Right-wing think tank wants to convince the pope he’s wrong about climate change
A U.S. activist group that has received funding from energy companies and the foundation controlled by conservative activist Charles Koch is trying to persuade the Vatican that “there is no global warming crisis” ahead of an environmental statement by Pope Francis this summer that is expected to call for strong action to combat climate change.
The Heartland Institute, a Chicago-based conservative think tank that seeks to discredit established science on climate change, said it was sending a team of climate scientists to Rome “to inform Pope Francis of the truth about climate science.”
“Though Pope Francis’s heart is surely in the right place, he would do his flock and the world a disservice by putting his moral authority behind the United Nations’ unscientific agenda on the climate,” Joseph Bast, Heartland’s president, said in a statement.
Jim Lakely, a Heartland spokesman, said the think tank was “working on” securing a meeting with the Vatican. “I think Catholics should examine the evidence for themselves, and understand that the Holy Father is an authority on spiritual matters, not scientific ones,” he said.
A 2013 survey of thousands of peer-reviewed papers in scientific journals found that 97.1 percent agreed that climate change is caused by human activity.
The lobbying push underlines the sensitivity surrounding Pope Francis’s highly anticipated encyclical on the environment, whose aim will be to frame the climate change issue as a moral imperative.
While it is not yet clear exactly what the encyclical will say, Pope Francis has been an outspoken advocate for action on the issue. In a speech in March, Cardinal Peter Turkson, who has played a key role in drafting the document, said Pope Francis was not attempting a “greening of the church,” but instead would emphasize that “for the Christian, to care for God’s ongoing work of creation is a duty, irrespective of the causes of climate change.”
The encyclical is expected to be released in June or July, and Pope Francis is expected to use a planned address before the United Nations in September to discuss the statement.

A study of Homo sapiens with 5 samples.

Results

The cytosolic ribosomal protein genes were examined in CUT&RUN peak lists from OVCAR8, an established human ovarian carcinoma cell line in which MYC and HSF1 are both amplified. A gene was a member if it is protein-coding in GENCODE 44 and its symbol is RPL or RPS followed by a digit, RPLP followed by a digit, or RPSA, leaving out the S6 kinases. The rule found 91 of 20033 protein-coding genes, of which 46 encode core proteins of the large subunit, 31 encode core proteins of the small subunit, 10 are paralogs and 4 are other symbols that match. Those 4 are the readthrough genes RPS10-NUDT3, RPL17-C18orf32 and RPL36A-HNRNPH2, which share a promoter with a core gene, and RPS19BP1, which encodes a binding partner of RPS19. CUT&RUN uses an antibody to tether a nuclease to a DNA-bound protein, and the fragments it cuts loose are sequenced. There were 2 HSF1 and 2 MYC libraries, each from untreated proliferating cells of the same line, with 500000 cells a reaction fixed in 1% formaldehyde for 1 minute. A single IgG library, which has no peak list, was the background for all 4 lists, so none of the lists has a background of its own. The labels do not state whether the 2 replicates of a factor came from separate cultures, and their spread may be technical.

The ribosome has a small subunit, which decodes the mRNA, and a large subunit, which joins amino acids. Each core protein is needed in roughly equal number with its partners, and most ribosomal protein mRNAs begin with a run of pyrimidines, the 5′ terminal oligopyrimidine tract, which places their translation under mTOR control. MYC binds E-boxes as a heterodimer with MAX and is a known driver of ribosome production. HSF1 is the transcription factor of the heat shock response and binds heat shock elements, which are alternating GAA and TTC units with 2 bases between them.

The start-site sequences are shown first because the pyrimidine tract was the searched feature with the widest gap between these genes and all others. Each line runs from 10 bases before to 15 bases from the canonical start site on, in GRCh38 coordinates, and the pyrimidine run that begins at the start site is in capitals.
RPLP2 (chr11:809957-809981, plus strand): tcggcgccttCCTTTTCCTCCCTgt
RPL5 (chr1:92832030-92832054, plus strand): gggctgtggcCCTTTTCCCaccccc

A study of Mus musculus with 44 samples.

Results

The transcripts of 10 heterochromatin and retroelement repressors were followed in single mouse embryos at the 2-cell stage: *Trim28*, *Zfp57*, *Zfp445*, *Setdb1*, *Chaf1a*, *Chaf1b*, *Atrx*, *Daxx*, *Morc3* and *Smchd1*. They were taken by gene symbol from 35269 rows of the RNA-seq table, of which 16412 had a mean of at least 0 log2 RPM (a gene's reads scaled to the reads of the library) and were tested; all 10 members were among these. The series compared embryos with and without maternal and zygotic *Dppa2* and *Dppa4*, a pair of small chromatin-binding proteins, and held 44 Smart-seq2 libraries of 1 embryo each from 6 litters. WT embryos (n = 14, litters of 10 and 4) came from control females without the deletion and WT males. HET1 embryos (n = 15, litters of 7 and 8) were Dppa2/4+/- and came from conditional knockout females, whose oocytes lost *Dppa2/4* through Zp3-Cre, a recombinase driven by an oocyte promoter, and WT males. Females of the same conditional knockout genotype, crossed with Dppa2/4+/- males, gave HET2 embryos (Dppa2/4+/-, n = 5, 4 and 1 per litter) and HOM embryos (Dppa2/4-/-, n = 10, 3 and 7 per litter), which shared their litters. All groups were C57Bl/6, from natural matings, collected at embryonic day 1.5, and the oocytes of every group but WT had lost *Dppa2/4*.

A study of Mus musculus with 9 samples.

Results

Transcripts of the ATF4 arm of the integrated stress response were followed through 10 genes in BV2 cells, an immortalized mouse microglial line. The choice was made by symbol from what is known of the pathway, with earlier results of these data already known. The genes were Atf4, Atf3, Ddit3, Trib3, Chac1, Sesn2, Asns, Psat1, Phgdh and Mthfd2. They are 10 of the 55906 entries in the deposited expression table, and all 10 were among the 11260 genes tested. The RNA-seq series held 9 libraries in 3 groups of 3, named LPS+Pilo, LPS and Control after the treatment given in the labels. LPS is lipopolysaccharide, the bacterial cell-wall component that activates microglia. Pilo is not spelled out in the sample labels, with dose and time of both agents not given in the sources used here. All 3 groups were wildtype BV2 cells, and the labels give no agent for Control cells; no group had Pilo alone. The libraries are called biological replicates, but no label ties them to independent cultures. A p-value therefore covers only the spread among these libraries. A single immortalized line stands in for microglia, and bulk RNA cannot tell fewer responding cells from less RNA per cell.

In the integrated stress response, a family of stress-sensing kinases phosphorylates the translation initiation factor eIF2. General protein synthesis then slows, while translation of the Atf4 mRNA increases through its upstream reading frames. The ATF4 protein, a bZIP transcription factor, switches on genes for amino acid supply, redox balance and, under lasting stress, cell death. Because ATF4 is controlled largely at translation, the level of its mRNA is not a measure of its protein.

Any push by the Vatican on climate change could prove politically challenging for conservative Catholic lawmakers in the U.S. who have denied the veracity of climate change science and fought against regulations to curb greenhouse gas emissions, including the Republican speaker of the House of Representatives, John Boehner.
The American Petroleum Institute, the biggest lobby group representing oil companies in Washington, declined to respond directly to questions from the Guardian about whether it was lobbying the Vatican on the issue.
But — in a sign of how energy groups and those who oppose greenhouse gas regulations are framing their argument to the Vatican — it said that “fossil fuels are a a vital tool for lifting people out of poverty around the world, which is something we’re committed to.”
Heartland has also targeted its argument to appeal to the pope’s views on poverty. It said in a press release that the world’s poor would “suffer horribly if reliable energy — the engine of prosperity and a better life — is made more expensive and less reliable by the decree of global planners.”
The group’s trip to Rome is designed to coincide with a workshop hosted by the Pontifical Academy of Sciences on Tuesday called Protect the Earth, Dignify Humanity, which will feature speeches by Ban Ki-moon, U.N. secretary-general, and Columbia University economist Jeffrey Sachs.
The Vatican declined to comment.
The Heartland Institute says it is a nonprofit organization that seeks to promote “free-market solutions” to social and economic problems. It does not disclose its donors, but says on its website that it has received a single donation of $25,000 in 2012 from the Charles G. Koch Foundation, which was for the group’s work on healthcare policy. Charles Koch is the billionaire co-owner of Koch Industries, an oil refining and chemicals group, and is a major donor to Republicans causes and politicians.
Heartland said contributions from oil and tobacco groups have never amounted to more than 5 percent of its income.